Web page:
SCOTLAND’S prisons inspector has pledged to investigate the “extraordinary” decision by jail bosses to allow killer Luke Mitchell to make a video behind bars protesting his innocence.
The footage, which was posted on YouTube at the weekend, shows Mitchell passing a lie detector test in which he denies killing girlfriend Jodi Jones in 2003, when they were both 14.
Mitchell was convicted of the murder in 2005 and ordered to serve at least 20 years.
The Scottish Prison Service (SPS) admitted it had given permission for the video, but claimed it did not know it would be posted on YouTube.
Brigadier Hugh Munro, HM Chief Inspector of Prisons, said he would be raising the issue today with managers at Shotts prison, where Mitchell is being held and where the video was made.
He said he did not know the full details of the case but his initial reaction was that the decision was “extraordinary” and likely to be “extremely upsetting” for Jodi’s family.
He said: “I am surprised by this and will be following it up during a visit to Shotts prison.”
The SPS confirmed it had given permission for the video and said it had “no objection to release of the footage with the consent of Mr Mitchell”.
A spokesman said: “Permission was not given for the footage to be posted on YouTube and we were not aware that it was to be made public.”
He said the SPS could not do anything to take it down.
“We live in a free society and while people are entitled to protest their innocence and take steps to try and establish that, I do think it was insensitive to the victim’s family.”
In the 16-minute film, Mitchell is wired up to a lie detector and denies killing Jodi or being present when she died.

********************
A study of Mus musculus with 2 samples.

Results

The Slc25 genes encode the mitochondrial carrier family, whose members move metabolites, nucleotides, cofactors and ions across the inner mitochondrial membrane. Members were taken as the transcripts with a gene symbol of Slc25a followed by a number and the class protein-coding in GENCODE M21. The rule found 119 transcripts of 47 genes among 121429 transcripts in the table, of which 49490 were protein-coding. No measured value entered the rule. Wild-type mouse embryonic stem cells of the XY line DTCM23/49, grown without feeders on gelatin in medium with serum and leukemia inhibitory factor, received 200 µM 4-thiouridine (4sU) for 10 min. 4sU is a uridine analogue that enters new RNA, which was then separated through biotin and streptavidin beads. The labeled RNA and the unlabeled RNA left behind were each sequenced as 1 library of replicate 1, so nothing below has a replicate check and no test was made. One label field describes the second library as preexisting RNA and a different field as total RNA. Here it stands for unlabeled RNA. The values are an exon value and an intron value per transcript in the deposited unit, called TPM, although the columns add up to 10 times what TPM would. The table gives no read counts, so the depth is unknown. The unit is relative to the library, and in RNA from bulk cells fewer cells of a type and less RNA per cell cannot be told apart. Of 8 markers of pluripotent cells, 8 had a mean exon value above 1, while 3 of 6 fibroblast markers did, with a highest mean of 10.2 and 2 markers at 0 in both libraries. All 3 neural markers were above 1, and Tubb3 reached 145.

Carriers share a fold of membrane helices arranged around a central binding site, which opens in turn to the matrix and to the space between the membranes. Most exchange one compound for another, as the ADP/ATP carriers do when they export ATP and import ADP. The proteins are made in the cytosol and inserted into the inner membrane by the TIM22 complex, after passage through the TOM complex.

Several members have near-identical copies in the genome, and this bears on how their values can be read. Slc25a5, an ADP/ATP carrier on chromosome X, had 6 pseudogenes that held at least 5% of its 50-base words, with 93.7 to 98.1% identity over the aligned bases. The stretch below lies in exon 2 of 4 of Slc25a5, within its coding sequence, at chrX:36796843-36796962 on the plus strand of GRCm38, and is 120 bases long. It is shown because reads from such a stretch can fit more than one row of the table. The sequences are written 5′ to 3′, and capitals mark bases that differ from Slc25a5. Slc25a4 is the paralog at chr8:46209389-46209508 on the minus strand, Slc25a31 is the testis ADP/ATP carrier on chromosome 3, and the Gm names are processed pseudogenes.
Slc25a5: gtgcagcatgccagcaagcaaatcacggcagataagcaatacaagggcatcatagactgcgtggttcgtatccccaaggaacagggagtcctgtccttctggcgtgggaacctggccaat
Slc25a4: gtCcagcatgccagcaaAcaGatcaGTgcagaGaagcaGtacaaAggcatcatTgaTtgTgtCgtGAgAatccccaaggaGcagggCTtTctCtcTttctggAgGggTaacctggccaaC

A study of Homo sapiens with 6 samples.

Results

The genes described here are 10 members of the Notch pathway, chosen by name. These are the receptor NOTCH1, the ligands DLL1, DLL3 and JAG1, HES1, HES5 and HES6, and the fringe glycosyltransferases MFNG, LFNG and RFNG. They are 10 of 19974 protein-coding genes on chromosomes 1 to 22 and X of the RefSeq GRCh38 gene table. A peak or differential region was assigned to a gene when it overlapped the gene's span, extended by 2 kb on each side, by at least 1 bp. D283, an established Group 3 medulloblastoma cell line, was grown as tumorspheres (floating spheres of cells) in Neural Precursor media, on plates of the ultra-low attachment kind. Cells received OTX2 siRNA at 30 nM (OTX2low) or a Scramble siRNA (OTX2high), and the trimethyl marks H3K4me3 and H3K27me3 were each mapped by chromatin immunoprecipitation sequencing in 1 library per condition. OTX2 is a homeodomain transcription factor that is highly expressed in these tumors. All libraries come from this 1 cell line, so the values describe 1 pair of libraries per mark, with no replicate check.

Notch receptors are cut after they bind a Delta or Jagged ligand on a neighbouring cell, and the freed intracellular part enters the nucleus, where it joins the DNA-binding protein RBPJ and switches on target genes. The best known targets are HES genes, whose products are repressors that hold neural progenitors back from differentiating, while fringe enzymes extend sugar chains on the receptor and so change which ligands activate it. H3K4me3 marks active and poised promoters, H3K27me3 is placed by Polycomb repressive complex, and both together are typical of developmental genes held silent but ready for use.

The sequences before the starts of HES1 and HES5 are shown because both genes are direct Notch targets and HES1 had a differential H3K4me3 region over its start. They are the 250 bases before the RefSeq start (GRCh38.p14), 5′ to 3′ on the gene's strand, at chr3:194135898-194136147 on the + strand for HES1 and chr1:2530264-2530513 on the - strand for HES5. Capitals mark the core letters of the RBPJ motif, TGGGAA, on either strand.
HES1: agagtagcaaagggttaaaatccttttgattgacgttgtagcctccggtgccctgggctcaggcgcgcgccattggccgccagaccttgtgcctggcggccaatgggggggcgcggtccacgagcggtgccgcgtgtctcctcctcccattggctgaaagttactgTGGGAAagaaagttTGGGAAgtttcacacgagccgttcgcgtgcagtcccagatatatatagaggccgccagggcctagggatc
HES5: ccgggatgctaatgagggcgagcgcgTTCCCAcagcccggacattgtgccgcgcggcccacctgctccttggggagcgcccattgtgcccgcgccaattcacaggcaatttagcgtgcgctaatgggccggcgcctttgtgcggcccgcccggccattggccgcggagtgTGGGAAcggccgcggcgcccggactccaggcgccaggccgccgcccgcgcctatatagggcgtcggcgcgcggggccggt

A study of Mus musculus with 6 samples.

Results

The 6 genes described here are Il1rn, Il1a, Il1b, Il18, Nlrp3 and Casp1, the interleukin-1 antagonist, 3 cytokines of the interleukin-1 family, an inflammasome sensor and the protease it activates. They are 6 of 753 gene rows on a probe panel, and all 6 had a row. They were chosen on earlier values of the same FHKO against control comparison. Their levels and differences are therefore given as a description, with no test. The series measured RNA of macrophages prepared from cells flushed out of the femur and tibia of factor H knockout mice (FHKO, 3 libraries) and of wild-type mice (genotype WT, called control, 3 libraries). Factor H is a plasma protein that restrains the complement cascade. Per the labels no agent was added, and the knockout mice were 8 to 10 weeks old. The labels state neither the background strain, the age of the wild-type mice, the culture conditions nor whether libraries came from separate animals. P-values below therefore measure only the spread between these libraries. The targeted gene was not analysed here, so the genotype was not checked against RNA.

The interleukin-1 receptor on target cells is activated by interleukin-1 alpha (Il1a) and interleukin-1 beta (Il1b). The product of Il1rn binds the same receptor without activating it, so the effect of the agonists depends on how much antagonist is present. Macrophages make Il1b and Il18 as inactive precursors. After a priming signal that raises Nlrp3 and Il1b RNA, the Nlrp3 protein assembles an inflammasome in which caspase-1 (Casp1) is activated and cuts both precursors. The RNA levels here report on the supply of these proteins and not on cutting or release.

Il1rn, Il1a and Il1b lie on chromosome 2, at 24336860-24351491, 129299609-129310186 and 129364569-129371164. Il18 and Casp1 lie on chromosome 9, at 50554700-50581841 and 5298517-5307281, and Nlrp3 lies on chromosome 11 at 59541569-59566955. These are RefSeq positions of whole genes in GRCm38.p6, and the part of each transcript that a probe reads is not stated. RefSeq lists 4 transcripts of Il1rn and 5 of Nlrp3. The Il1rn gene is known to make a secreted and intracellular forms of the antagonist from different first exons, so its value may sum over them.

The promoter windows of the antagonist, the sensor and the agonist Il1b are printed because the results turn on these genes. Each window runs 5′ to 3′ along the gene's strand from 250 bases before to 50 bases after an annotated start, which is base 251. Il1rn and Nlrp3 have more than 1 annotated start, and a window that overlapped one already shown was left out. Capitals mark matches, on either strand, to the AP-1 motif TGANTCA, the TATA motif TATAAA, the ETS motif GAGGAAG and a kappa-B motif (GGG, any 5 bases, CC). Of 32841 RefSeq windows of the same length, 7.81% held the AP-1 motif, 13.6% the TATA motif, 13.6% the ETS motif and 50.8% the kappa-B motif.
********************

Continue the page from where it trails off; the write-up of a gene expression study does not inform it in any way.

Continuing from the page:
Jodi was brutally murdered near her home in Easthouses, Midlothian, after she had gone out to meet Mitchell. Her throat had been slit and her body was mutilated.
Mitchell has consistently denied the murder. In 2008, he lost an appeal against his conviction.
The video made Mitchell the first UK prisoner to be allowed to post footage of a lie detector test on YouTube. He answers a series of general questions about himself and others directly related to Jodi’s
Jodi’s grandmother, Alice Walker, has condemned the video. She said: “It doesn’t prove anything. He is a lying, cheating murderer. He’s scum. It makes me very angry”.
Politicians also criticised the decision to allow the video. Scottish Tory spokesman John Lamont said: “It is insensitive in the extreme. Clearly there has been no thought of how the victim’s family would feel”.
Labour MSP Graeme Pearson, former head of the
Scottish Crime and Drug Enforcement Agency, said the SPS should review its policies. He said: “It seems a strange decision. The SPS says the video was released ‘with the consent of Mr Mitchell’ but what about the consent of the family of Jodi Jones?”
Polygraph tests are not admissible as evidence in Scottish courts, but a report on Mitchell passing the lie detector examination has been included in his submission to the Scottish Criminal Cases Review Commission commission, which is investigating his case.
The commission looks into potential miscarriages of justice and can recommend a fresh appeal.